Last February, the San Francisco Bay Guardian asked me to contribute a column about food writing for Lit, the newspaper’s monthly literary supplement. Given the grey skies and icy patches that define New England winter, I thought first of comfort, but what flowed from my pen surprised me. Anyway, now that the sun is again high in the sky, I thought I’d share my thoughts here, in a version of the essay that originally appeared in the San Francisco Bay Guardian.
A pervasive new trend in food writing now threatens to eclipse all others, and there’s no relief in sight. This trend is “comfort.” It’s a tricky subject, precisely because the word—not to mention the idea—is so emotionally charged. After all, who doesn’t like comfort food? I certainly do. It’s creamy tapioca for me, especially the large pearl kind, so I can pop the beads between my teeth. But just because I need comfort like everyone else doesn’t mean that I want comfort screaming out at me from every page. Comfort is, after all, a private thing, 9/11 notwithstanding. When food magazines hype “comfort,” aren’t they just capitalizing on the national trauma, trivializing our fears by reducing them to cravings for macaroni and cheese? What comforts me definitely does no good for many of my fellow Americans, whose stomachs churn at the mere thought of creamy tapioca (they’d call it “gloppy”) and whose forms of self-solace reach far deeper into loneliness than any of these food articles would acknowledge. We may be in this national crisis together, but we face our midnight dreads individually, apart from the public audience of consumers. So I want to read about other people’s comfort foods about as much as I want to read about their favorite brands of toothpaste.
Even if we decide not to look at the magazines or newspapers, it’s hard to avoid the association between comfort and food. In the aftermath of terror, the more the world intrudes, the more we hunker down to keep it at bay. In fact, polls show that people are again making meals at home. This is a good thing, an affirmation of all that eating should be—the sharing of bounty and the creation of true community. Two of the best-selling cookbooks at Amazon.com promise a return to the table, which in our hectic lives we apparently left behind. These books teach us how to bring family and friends together to share our food. The table represents all that is solid and true; it offers a kind of salvation in our increasingly fragile world. But haven’t we had enough stories about the special allure of childhood foods, of simmering soups and savory meals by the fire? Why don’t we try to engage with the world instead of retreating from it? Why not publish articles on Afghan foods and traditions, or on our own government’s attempts to serve “culturally appropriate” meals to the Taliban prisoners at Guantánamo Bay by giving them peanut butter instead of pork?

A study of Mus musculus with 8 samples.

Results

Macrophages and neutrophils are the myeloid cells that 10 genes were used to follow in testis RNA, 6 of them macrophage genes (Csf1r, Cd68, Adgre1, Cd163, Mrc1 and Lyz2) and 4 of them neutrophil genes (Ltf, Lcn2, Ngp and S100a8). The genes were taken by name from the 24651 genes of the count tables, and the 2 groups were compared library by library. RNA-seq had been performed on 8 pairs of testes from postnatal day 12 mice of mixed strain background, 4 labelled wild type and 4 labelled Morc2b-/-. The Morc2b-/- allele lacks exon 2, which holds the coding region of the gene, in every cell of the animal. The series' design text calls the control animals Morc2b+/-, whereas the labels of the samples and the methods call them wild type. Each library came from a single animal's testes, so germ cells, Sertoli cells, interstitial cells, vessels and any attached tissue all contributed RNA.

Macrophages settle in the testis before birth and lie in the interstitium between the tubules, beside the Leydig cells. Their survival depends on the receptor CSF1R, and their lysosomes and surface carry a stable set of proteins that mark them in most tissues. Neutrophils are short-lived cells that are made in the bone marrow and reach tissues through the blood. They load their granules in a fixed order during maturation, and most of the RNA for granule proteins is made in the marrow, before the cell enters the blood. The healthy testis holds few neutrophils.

If, however, we still need to seek comfort in what we claim as our own foods, our own traditions, we must try to avoid saccharine prose. And we should make every effort not to indulge in our twin national obsessions by moralizing about the importance of eating rationally only minutes after we’ve described the great comfort to be had from a rich chocolate cake topped with smooth vanilla ice cream smothered in a hot fudge sauce so lush that the ice cream begins to melt … Let’s face it: most comfort foods are, by definition, naughty—part of their pleasure derives from the fact that these foods often taste best on the sly. If we have to talk about comfort, we should look openly at its needy, self-indulgent side, and not just at its nurturing qualities. Finding consolation means filling an empty space whose roots reach deep into the psyche. The problems begin when this emptiness becomes literal—when it’s expressed as the need for comfort through food, as evidenced by the prevalence of eating disorders in our society.
Food writers, like all good writers, have an obligation to make their subject new. That means exploring the subject fully, turning it inside out to reveal its most hidden parts. We must describe food in new ways, by writing about what’s most important: whether delight, or abhorrence, or concern at what’s happening along the food chain. Let’s look closely at the components of a dish and not just admire its surface beauty. Where did the ingredients come from? What traditions lie behind it? We may at times have to get down and dirty and reveal some unappetizing things, the sort of things we don’t like to think about (slaughter, for instance) in our all-too-often-thoughtless consumption. But if we truly confront our food instead of just gaze upon it, our rewards will be many. Eating in an informed way ultimately connects us with our history and our culture. Once we realize that others before us have eaten as we do, once we begin to imagine ourselves in their places, then this understanding should, in some small way, bring us the comfort that we otherwise so blithely seek.